Udaipur and Ahmedabad

 Outside the Lakshmi temple, Udaipur

We spent Diwali in Udaipur, and what a place to experience the festival of light! Arriving on the morning of Diwali we found the street outside our guesthouse festooned with banners and lights, and were told that the Lakshmi Temple on the street was the busiest place to be that night.

Men and women came and went all day to visit the temple and the atmosphere was wonderful. Udaipur old town,with it's winding lanes which surround the monumental City Palace and the lake ghats, is quite small and every alley was full of locals and tourists in their finest sarees and suits. And, of course, kids playing with firecrackers.

The men's queue, Lakshmi temple

During our time in Udaipur we got talking to the owner of a Durries rug shop, a lovely man who gave us chai and had a long chat with us after discovering we were textile designers. He recommended that we visit Gujarat state as it is an important region for textile production within India, particularly that we visit the Calico Textile Museum in Ahmedabad. We weren't planning on visiting that area, however, travelling in India around Diwali was a force to be reckoned with and something we hadn't factored into our plan. After many long queues, confusion and very kind, not to mention patient, staff we found our self on a very old sleeper bus bound for Ahmedabad-the Manchester of Northern India!!

We arrived in Ahmedabad after a long and very bumpy journey to find a grey and concrete city, the guide book described the road to the train station as 'the busiest stretch of barely controlled mayhem in the country' and they weren't wrong, in fact the whole city centre was frantic, with a atmosphere of industry and gravity stronger even than Delhi.
There are several good museums in Ahmedabad, we particularly enjoyed the Kite Museum dedicated to the tradition of kite flying popular all across India. The kites on display, all of hand made paper, are beautiful and it was a lovely place to escape the rain.
The City Museum had some wonderful folk and religious pieces and a great collection of contemporary modern Indian art and photography. The exhibits themselves and the building are in a slightly dilapidated state however, which is a terrible shame to see but was something we found with all of the museums we visited.

The front gate of the Calico Foundation-unfortunately no cameras allowed!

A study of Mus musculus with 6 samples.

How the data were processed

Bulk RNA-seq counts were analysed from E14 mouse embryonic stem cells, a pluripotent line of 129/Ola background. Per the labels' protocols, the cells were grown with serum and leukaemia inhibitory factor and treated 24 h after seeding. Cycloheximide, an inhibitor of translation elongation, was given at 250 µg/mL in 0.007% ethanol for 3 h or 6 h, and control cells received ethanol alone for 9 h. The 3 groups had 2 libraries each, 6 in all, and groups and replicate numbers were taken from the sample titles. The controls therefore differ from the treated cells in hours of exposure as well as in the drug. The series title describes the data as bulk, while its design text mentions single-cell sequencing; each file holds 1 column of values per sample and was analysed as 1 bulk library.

(Image Divya Bolisetty)

But it was the Calico Foundation Museum of Textiles which we had really come to see. Founded in 1949 at the height of the cities textile boom by the industrialist Sarabhai family, the museum was conceived to preserve and record the traditional handicraft textiles for which India has become famous.

The museum contains a staggering amount of textiles, garment and religious items from across India, all housed within the beautiful Sarabhai family villa. The collection is split into two sections encompassing: Mughal court textiles, regional embroideries of the 19th century, tie-dyed textiles and religious textiles and the second of ritual art and sculpture, temple hangings, miniature paintings, South Indian bronzes, Jain art and sculpture, and furniture and crafts. There are also textile techniques galleries and a library. The museum has played an important role in determining the curriculum taught in the textile designing courses at the prestigious National Institute of Design also located in Ahmedabad.
The collections are meticulously preserved and looked after in an entirely different way to any of the other museums we visited in India. The museum opens four days a week, twice daily for two tours, the morning viewing for textiles and the afternoon focussing more on the religious art. Only 25 may enter on each tour, 15 pre-booked and 10 admitted on a first-come-first-served basis. We arrived an hour early to discover ourselves at numbers 10 and 11 in the queue-this place is popular! We thought we stood a good chance of getting in until 3 more members of the middle aged German tour group in front of us turned up. We begged and pleaded with the guards, but they'd heard it all before and were very strict, not even letting us inside the gate.

It was really disappointing, but we managed to book for the afternoon tour at least! And it really was well worth it, we managed to see quite a lot of textiles, mainly temples hangings and some sarees, but the religious art and sculpture was truly stunning and the whole house had a reverential quality about it.
The tour lasted about 2 hours and once you were in you couldn't leave as members of staff followed the group to unlock and lock rooms as we went. All lights were off to preserve the artifacts and only one switched on at a time.

The quality and quantity was staggering, all beautifully displayed throughout the enormous house. Many items have were saved shortly after independence as the old ways were brushed aside to make way for the new India.

We were so disappointed not to have seen the main textile gallery as it is by all accounts one of the best textile collections in the world, but we are both determined to return one day, and book ahead!! If you ever find yourself in, or near, Ahmedabad we cannot recommend it enough. It is a truly wonderful place, a world apart from the rest of this frantic city and streets ahead of any museum we saw anywhere else in India.

Presedent of SEWA leading a protest,
Admendabad is also home to Self Employed Womens Association (SEWA) which is a trade union regestered in 1972 to help poor self employed women workers gain more power and confidence. They have achieved a great amount over the years and a very active organisation. The staff at SEWA are welcoming and happy to have visitors, however they were all on a staff training the week we were visiting so we were unable to speak with anyone at length.